Cold Spring Harbor Laboratory’s DNA Learning Center (DNALC), the world’s first science center devoted entirely to public genetics education, is expanding its hands-on laboratory programs in the greater New York area with two new state-of-the-art teaching facilities.
The latest DNALC outshoots are at biotech company Regeneron Pharmaceuticals’ Sleepy Hollow headquarters and the Brooklyn-based New York City College of Technology, also known as City Tech.
The DNALC’s approach to science education is a unique and proven combination of experiments, field trips, day camps, and teacher training designed to teach a diverse student population about DNA and the principles of genetics and disease risk. Its overall mission is to prepare the students and families to thrive in the genome age, equipping them with the proper technology and knowledge to understand the implications of new discoveries and make informed decisions about their own health and well-being.
“If you can have kids thinking more like a biologist, we can start training the new generations to better understand what we [scientists] do,” said David Micklos, DNALC Executive Director.
Regeneron DNALC’s 4,700-square-foot space includes two teaching labs for students and summer campers, and several lockers of equipment for experiments that can be brought to local classrooms. Strategically located in Westchester, this center will serve the Hudson Valley and is easily accessible to New Jersey and Connecticut.
Regeneron, a developer of medicines for people with serious diseases, sees great potential in the new initiative.
“We strongly believe that there is nothing more important to help solve the daunting issues we face today—such as climate change, global hunger, and incurable diseases—than inspiring and engaging great young scientists,” said George D. Yancopoulos, President and Chief Scientific Officer at Regeneron and a CSHL Trustee. “The Regeneron DNA Learning Center is one more step in that direction, and together with other efforts such as the Regeneron Science Talent Search, reflects our commitment to fostering the next generation of scientists.”
Over the last 30 years, CSHL has partnered with other institutions to spread the DNA Learning Center’s hands-on approach to science education throughout North America, Asia, and Europe. While that international expansion continues, recent efforts have been closer to home with the goal of providing students and teachers across all of New York’s five boroughs the opportunity to explore their own DNA.
Located just off the Brooklyn Bridge, the DNALC NYC at City Tech will be equipped to provide an annual program of field trips for about 15,000 students, summer camps for 1,000 pre-college students, undergraduate research programs for 500 City University of New York students, free training for 100 teachers, and weekend activities and events for 10,000 visitors.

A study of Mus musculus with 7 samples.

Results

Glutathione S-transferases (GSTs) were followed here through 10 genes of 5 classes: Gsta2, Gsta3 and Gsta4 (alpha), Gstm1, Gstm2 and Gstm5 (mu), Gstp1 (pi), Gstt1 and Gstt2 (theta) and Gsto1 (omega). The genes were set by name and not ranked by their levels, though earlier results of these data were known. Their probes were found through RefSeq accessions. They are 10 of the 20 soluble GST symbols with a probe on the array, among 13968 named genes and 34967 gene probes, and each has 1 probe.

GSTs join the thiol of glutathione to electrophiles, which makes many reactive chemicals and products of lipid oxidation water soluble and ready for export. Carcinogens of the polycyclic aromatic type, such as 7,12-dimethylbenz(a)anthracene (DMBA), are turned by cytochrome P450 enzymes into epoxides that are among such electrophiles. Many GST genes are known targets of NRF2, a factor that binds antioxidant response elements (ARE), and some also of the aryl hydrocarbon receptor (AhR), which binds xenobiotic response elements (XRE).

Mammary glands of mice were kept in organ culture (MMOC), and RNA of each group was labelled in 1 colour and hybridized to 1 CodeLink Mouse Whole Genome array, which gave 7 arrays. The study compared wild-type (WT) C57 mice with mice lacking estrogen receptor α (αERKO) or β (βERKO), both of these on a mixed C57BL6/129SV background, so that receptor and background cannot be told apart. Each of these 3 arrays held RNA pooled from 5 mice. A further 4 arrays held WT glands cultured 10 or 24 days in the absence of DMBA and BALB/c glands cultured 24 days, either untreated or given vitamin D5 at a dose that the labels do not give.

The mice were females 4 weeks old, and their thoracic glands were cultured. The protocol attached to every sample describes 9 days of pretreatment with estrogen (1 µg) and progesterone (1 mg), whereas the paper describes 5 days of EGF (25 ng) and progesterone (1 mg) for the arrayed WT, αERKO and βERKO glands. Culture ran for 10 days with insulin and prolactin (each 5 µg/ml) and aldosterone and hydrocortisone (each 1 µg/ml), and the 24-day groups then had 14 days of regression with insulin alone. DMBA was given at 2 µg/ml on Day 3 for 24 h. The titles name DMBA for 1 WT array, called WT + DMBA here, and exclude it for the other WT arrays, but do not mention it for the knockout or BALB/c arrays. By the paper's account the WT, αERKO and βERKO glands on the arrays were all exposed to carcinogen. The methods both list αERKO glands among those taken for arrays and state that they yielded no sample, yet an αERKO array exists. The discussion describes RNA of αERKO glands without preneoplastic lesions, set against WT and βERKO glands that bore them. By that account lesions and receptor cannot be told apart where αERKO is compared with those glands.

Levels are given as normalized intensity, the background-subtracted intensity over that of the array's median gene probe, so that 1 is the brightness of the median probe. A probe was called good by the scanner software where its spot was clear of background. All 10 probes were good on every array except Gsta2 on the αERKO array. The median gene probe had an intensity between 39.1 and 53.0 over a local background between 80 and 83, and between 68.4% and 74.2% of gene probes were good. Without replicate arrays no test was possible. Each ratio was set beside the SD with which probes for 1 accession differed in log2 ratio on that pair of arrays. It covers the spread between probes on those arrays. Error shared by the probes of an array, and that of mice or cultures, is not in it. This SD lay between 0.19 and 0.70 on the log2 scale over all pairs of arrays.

The 17,500-square-foot facility will include six teaching labs, state-of-the-art equipment, computer classrooms, meeting rooms, and exhibits to support year-round activities. In addition to school teachers and students, DNALC NYC programming will appeal to adults interested in understanding genealogy and their family history.
A fundraising campaign is ongoing to increase the DNALC’s endowment and to provide scholarships for at least 50 percent of students attending programs during the school year. The new Brooklyn facility builds on the success of CSHL’s first foray into Manhattan, the 1,200-square-foot single-classroom in the John S. Roberts Educational Complex in East Harlem that opened in 2008.
Carrying on an important mission
When Micklos led CSHL’s development and public affairs efforts in 1982, he hatched the plan for a grassroots, hands-on DNA education campaign to be delivered to local schools from the back of a van.
“At the time… there was only one other training program for molecular genetics for high school teachers,” he said. “There was a huge need for teachers to be updated on the latest genetic technologies that had yet to be described in most high school textbooks.”
In 1988, the DNALC opened a permanent teaching facility on Main Street in Cold Spring Harbor village. The first center dedicated to CSHL’s educational outreach programs, this facility known as The Dolan DNA Learning Center has been visited by over 400,000 pre-college students. It also hosts anthropological exhibits, such as the current Ötzi the Iceman exhibit, showcasing the value of DNA analysis.
The Regeneron DNALC and DNALC NYC will deploy the innovative teaching methods and technologies developed by Micklos’ team of educators, with a new push to extend CSHL’s research and postgraduate education mission to the college, pre-college, and public levels. For Micklos, the expansion throughout the greater New York area is particularly gratifying.
“The centers in Brooklyn, Harlem and Westchester County allow us to take DNA education to many more students, especially students of color and students from disadvantaged backgrounds,” he said.